Published 20 October 2021 in Brain circuits • 3 min read

Two megatrends have dominated the last decade: digitization and ethics and sustainability. So far there have been few points of intersection between them, largely because ethics and sustainability tends to deal with the physical world, and digitization largely deals with the virtual world. But you can think of data in a very similar way to a physical product, and that comes with a number of ethical issues including how it is sourced, transported, sold, packaged, and destroyed. This is where corporate digital responsibility (CDR) comes into play.

  1.       Why are you doing it?

Is your overall approach compliance-driven or is it rooted in your purpose? As with most things there isn’t a black and white answer. We recommend a “trust but verify” approach. It is always effective to be purpose-driven in your mission, but it is best backed up by some degree of regulation. If possible, align incentives with responsible behaviors.

  1.       What are you doing?

Are you taking a reactive approach where you are focused on being agile and fast to change with the landscape, but not spending a great deal of time trying to predict the future? Or are you being proactive, looking toward the future and including what you think will become an issue in your plans now? We recommend being as proactive as you can. You should strive to anticipate future trends and build them into your digital pipeline.

“You have to try and anticipate changes that will happen; we will be judged by the ethical norms of the future,” says Wade. “Just being reactive is not going to be enough. But at the same time, you also have to react to unpredictable changes. This means you need to have agile systems and processes for this to work.”

  1.       How are you doing it?

This is a question of centralization versus decentralized implementation. Fragmentation is a key problem with CDR. – in fact, 53% of participants in the webinar felt their organizations were taking a fragmented approach to CDR, so centralization can be a very attractive route to take. Wade and Isik recommend the middle ground here as well. Building a central team that can act as advisors, facilitators, and trainers can be very effective, but then different units can have freedom to take initiatives further. You can also use an external advisor. Some companies are hiring ethical boards, which can bring a fresh perspective along with external insights and experience.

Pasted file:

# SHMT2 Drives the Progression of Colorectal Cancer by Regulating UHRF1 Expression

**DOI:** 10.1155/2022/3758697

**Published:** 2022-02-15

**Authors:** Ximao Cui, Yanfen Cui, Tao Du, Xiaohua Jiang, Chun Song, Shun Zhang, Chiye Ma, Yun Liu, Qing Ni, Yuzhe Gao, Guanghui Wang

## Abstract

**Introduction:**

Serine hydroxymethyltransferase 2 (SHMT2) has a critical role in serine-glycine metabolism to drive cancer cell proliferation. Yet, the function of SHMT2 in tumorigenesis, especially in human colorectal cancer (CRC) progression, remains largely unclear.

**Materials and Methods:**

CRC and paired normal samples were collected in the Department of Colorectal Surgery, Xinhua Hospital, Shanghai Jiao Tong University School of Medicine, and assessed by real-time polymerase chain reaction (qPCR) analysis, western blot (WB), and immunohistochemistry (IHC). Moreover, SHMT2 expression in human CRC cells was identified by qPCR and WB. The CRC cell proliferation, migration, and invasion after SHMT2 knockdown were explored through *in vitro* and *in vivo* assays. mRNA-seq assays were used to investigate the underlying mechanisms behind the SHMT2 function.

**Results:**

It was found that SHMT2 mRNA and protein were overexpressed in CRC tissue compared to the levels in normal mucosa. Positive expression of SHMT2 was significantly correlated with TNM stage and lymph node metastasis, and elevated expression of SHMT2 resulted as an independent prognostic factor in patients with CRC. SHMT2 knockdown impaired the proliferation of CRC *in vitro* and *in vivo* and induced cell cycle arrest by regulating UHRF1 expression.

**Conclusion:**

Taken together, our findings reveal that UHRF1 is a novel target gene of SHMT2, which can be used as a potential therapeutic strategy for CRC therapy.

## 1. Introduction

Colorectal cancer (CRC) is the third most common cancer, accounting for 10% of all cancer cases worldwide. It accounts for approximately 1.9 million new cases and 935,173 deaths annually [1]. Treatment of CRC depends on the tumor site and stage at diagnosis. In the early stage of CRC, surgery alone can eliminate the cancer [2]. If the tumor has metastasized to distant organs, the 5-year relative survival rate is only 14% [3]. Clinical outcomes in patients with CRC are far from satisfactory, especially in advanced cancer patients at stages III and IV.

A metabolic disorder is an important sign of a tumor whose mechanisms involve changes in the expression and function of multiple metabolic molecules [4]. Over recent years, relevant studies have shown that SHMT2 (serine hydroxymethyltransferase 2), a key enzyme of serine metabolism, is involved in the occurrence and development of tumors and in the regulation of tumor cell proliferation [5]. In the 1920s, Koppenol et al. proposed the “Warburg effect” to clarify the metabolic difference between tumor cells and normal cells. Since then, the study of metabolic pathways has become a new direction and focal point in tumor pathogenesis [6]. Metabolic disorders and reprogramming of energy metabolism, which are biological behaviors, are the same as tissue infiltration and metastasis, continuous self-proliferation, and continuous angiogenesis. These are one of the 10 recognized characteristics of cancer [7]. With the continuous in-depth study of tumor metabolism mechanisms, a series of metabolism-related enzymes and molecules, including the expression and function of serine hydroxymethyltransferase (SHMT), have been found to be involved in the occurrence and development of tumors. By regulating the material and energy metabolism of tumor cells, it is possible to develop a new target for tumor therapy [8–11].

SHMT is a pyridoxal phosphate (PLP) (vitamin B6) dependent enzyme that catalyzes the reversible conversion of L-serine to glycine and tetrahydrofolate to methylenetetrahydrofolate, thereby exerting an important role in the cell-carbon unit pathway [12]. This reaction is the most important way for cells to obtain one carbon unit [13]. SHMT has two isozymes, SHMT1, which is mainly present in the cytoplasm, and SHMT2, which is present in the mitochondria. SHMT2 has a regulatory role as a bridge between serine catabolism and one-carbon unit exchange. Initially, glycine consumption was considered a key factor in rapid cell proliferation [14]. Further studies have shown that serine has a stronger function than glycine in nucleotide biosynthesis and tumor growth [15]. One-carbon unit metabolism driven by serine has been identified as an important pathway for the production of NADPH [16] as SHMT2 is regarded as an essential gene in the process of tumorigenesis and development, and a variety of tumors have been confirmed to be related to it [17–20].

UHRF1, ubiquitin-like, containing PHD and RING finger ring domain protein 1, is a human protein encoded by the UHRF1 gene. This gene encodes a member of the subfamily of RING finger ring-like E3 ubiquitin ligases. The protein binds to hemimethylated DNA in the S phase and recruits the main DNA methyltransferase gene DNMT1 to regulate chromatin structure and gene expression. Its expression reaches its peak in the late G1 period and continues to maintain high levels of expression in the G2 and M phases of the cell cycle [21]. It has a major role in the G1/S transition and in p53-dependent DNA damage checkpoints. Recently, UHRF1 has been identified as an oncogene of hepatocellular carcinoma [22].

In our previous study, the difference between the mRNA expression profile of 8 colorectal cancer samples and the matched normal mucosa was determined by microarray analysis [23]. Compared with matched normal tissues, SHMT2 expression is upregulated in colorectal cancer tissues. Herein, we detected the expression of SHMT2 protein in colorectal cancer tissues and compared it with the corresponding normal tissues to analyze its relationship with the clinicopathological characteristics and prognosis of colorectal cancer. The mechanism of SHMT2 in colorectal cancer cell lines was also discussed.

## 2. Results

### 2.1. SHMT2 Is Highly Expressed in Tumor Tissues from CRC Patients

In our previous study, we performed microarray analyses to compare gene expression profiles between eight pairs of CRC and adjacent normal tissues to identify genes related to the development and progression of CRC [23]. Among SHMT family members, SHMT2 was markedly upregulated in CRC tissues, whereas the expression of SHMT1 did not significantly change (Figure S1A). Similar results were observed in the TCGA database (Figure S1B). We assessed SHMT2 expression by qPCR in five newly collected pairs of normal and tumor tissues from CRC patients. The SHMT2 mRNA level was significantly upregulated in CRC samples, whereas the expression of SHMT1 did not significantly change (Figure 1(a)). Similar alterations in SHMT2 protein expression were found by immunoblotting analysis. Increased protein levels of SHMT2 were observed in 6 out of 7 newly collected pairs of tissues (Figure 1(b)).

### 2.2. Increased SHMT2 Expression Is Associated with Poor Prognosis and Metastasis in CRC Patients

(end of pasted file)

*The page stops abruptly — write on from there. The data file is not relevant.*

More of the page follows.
Further reading: 

Corporate Responsibility in the Digital Era by Michael Wade

Authors

Oyku Isik IMD

Öykü Işık

Professor of Digital Strategy and Cybersecurity at IMD

Öykü is Professor of Digital Strategy and Cybersecurity at IMD. She is an expert on digital resilience and the ways in which disruptive technologies challenge our society and organizations. Named on the Thinkers50 Radar 2022 list of up-and-coming global thought leaders, she helps businesses to tackle cybersecurity, data privacy, and digital ethics challenges, and enables CEOs and other executives to understand these issues, which she believes are too important to be left to technical specialists alone.

Öykü leads IMD’s Cybersecurity for Managers program, which helps businesses develop an action plan to identify, prepare for, and respond to emerging and imminent cyber threats.

Michael Wade - IMD Professor

Michael R. Wade

Professor of Innovation and Strategy at IMD

Michael Wade holds the Cisco Chair in Digital Business Transformation and is Director of IMD’s Global Center for Digital Business Transformation. He directs a number of open programs such as Leading Digital Business Transformation, Digital Transformation for Boards, Digital Execution, Digital Disruption, and the Digital Transformation Sprint. He has written ten books, hundreds of articles, and hosts a popular management podcast. In 2021, he was inducted into the Swiss Digital Shapers Hall of Fame.